St. Margaret’s Church funds hopes and dreams

Over the last 20 years, the congregation of St. Margaret’s Church in Annapolis has donated $2.3 million to help local causes but also to provide clean drinking water, medical care, educational opportunities and more to people all around the world.
      Amigos in the mountains of the Dominican Republic will soon see doctors and dentists thanks to a $10,000 grant to Somos Amigos Medical Mission from St. Margaret’s Church on the Broadneck peninsula.
     “One of our priorities is to restore to health the ill and heal the broken, without restriction to where it goes,” says Izzy Winn, grant coordinator at the church.
Those thousands are a small piece of a $95,000 pie served up to nonprofit agencies, organizations and communities by the Episcopalian congregation, one of the 30 original Anglican parishes in colonial Maryland.
     From Anne Arundel County to Tanzania, Rwanda and Uganda, St. Margaret’s has given away $2.3 million over the last 20 years in the form of nearly 300 grants. Given with great care and caution, the millions have helped fund hopes and dreams both near and far. Each charity that reaches the finals of the annual St. Margaret’s grant program has a volunteer liaison who visits and researches the group.
    Closer to home, Maryland’s Mission of Mercy got $7,500 to support a new mobile dental clinic and expanded free dental program. In Baltimore, $17,000 went to Acts 4 Youth, allowing expansion of a whole-child mentoring program to an additional school, serving 100 to 200 at-risk youths.
     “This program just blew us away,” says Winn. “The liaison for Acts 4 Youth, who works at Towson University, cannot stop talking about what an impact this group made on him. They are only 10 minutes from his office, and his world has changed because of discovering this program.” 
     Benefitting from other local and regional grants are Annapolis charities: Seeds 4 Success, $10,000 to launch the Eastport Boys Club, following the very successful Eastport Girls Club; Box of Rain, $6,000 to cover the cost of a year-long high school Charting Careers program for 12 students; Immigration Justice Network, $2,000 to for legal referrals.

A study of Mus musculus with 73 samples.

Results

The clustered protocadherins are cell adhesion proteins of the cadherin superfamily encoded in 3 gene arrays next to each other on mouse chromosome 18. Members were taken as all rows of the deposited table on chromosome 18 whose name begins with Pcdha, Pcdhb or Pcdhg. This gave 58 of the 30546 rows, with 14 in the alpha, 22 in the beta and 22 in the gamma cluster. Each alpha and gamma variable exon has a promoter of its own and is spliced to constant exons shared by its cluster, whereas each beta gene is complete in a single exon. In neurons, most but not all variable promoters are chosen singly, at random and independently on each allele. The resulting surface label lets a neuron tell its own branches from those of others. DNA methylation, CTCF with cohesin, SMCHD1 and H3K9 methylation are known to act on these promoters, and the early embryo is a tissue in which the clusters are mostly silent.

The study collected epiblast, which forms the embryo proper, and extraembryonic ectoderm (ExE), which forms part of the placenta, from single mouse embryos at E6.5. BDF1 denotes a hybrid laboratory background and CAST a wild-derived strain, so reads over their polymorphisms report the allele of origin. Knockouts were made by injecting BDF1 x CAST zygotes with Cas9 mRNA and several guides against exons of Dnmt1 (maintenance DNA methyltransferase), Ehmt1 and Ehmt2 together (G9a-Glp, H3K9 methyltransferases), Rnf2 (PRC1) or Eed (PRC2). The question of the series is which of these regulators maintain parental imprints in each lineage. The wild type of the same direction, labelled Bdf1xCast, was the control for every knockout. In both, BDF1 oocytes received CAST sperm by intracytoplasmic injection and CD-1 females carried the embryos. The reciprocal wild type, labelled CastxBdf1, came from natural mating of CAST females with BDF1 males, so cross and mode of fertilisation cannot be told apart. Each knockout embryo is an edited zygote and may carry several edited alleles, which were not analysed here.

Anne Arundel County: Sarah’s House, $4,100 to for new kitchen appliances.
     Baltimore: Intersection of Change, $10,000 for Strength to Love II Farm in the Sandtown-Winchester and Upton communities employing and training ex-convicts as well as supplying locally grown produce in an urban food desert.
      Chesapeake Country ARC Central Chesapeake Region, $4,300 for parent support group and Sibshops program for siblings of children with intellectual and developmental disabilities. 
     The grant committee strives to send equal amounts of awards to groups working abroad. The 2018 awards also include $5,000 to Muhabura Integrated Polytechnic College of the Shiyira Diocese of the Anglican Church (Rwanda) for the new water filtration system on campus. The Episcopal Diocese of Milwaukee Haiti Outreach Ministry gets $5,100 to build a playground at St. Marc’s Episcopal School, Jeannette, Haiti. In Leogane Haiti, $6,000 goes to Middleham and St. Peter’s Parish of the Diocese of Maryland (Episcopal) to help fund a school nurse, a model project administered by the Episcopal University Nursing School. In Honduras, $8,000 helps Siempre Unidos with food support supplementing medical care for 25 impoverished HIV positive patients. 
      All this is thanks to Edwin and Zoe Hall, who led a quiet life, drove a simple car and loved St. Margaret’s Church. When they passed away, they instructed that $1 million be bequeathed to their parish, much to the surprise of all.
     “The rector and the lay leaders of the church at the time showed great wisdom,” says the current rector, the Rev. Peter Mayer. “They decided to wait and contemplate what to do with all that money. And this was at a time when the church wasn’t doing great financially.”
      By the time the church decided to give the funds away, the sum had doubled to $2 million.
      Mayer, who has been with the church since 2010, praised the decision 20 years ago to put the endowment gift into a grant program.
     “The funds are so much more than a transaction,” says Mayer. “It is a transformation. We are changing lives. I think it says something about a church that is often seen as a small country parish, that we have such a global reach. We truly look beyond ourselves to the wider world.”